Sep. 25—LA CROSSE, Wis. — It came down to two schools for Jack Studer, the University of Wisconsin-La Crosse and Southwest Minnesota State University in Marshall.
Turns out the beauty of the Coulee Region won out, with its bluffs, woods and the majestic Mississippi River winding through it.
Studer, a stellar athlete at Dover-Eyota High School, has never second-guessed his decision to bring his football act to Division III UW-La Crosse. Instead, he just keeps falling deeper and deeper for the offerings of his home of the last five years.
"It's been a great experience here," said Studer, in his third year as a starting wide receiver for the Eagles. "The football has been great. But even outside of football, with the city of La Crosse, it's great. There are just so many things to do here — hike, go to the beach, and lots of places to eat."
Good thing for the UW-La Crosse football coaching staff that Studer was ready to slide on a "I HEART La Crosse" T-shirt almost from the moment he stepped on campus. Because being able to land him after the senior year he put up at Dover-Eyota was a coup.
Studer looked the part of a football star, a pieced-together 6-foot-2, 190-pounds as a high school senior. He also acted the part, timed in 4.6 in the 40, owning a rare 33-inch vertical jump and a thirst to compete. Put it all together and this was what he came up with as a D-E senior: 73 receptions, 1,536 yards receiving and 16 touchdowns.
It was enough to have some Division I programs checking him out.
In the end, though, it was Division III UW-La Crosse that he settled on, with its proximity to home (50 miles from Dover), Its ambiance and its rich history of winning football. UW-L has won 34 Wisconsin Intercollegiate Athletic Conference football titles and three national championships.
Studer and his teammates have their eyes on winning one more of each this season. The Eagles are 3-1 and ranked 14th in the country.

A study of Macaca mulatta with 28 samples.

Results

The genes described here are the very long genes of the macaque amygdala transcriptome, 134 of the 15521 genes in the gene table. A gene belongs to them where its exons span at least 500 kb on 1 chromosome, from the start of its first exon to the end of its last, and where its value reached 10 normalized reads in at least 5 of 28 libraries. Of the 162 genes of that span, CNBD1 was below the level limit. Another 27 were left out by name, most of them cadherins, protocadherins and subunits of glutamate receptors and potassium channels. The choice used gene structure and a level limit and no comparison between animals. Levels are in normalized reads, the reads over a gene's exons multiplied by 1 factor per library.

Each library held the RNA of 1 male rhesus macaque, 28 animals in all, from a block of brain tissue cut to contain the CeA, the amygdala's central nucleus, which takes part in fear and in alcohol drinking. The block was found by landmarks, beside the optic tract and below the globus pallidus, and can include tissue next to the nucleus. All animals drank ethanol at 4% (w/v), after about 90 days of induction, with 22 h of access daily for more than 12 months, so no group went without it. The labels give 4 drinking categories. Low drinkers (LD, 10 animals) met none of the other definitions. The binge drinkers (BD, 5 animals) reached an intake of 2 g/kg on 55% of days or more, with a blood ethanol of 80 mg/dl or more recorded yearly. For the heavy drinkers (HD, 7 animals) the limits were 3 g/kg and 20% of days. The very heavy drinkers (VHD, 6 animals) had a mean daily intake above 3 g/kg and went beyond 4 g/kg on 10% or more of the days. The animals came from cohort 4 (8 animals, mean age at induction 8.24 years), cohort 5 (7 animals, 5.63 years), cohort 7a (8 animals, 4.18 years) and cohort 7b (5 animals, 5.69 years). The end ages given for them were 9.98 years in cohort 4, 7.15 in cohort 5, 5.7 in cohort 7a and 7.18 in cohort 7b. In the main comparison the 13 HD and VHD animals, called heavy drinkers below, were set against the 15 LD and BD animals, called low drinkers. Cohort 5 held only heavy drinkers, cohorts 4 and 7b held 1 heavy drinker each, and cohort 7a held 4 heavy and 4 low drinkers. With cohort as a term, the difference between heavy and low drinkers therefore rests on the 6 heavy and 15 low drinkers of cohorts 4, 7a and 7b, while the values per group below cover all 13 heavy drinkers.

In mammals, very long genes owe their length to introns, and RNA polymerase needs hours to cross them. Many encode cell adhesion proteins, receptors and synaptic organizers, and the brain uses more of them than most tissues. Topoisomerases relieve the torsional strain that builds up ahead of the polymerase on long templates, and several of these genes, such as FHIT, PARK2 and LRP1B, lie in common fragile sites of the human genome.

They've even come up with a mantra for those goals.
"We say '35 and 4,' " Studer said. "We have national championship aspirations."
Studer is doing his part to make this a memorable team. Now up to 6-2 and 205 pounds, running a 4.5 40 and with a 35-inch vertical jump after putting himself through grueling off-season workouts the last four years, Studer has never been better.
He's been by far the team's leading receiver through four games, with 23 catches for 328 yards, three touchdowns and 14.3 yards-per-catch average. He's already surpassed his yardage totals from a year ago when he amassed 279 receiving yards.
Since his team's opening day of practice this season, Studer knew he'd landed himself on a new football plane. His obsessive summer workouts had done it.
"I put a lot into this," Studer said. "The summer is the best time of the year to get better. I was grinding the whole time. The first day of practice, I felt different, like I was the fastest player on the field."
UW-La Crosse head coach Matt Janus knows he has a special one on his hands in Studer. He also knows that this version of him is the best one yet.
"What Jack is doing right now is pretty special," Janus said. "He is on pace to have a really good season. His speed and some of the things he can do in the open field and his ability to block — he's a complete player. You put the ball up in the vicinity of him, and he's going to go up and get it."
Janus added that Studer is playing with one of his closest friends.
That person is his roommate, Keyser Helterbrand. A first-team all WIAC quarterback a year ago and like Studer a senior with one more year of eligibility after this one (due to COVID-19 wiping out the 2020 season), Helterbrand and Studer are quite the duo.
Their friendship has a lot to do with that.
"Having the connection off the field that we do, that helps," Studer said. "We're always by each other. We even had the same job this summer, working at Big Al's (restaurant) as servers."
They are on the same page and it has helped put Studer on a new plane.
It even has him thinking about what might be when his college days are done.
"Pro football interests me," Studer said. "I think if I keep working hard, I have a chance."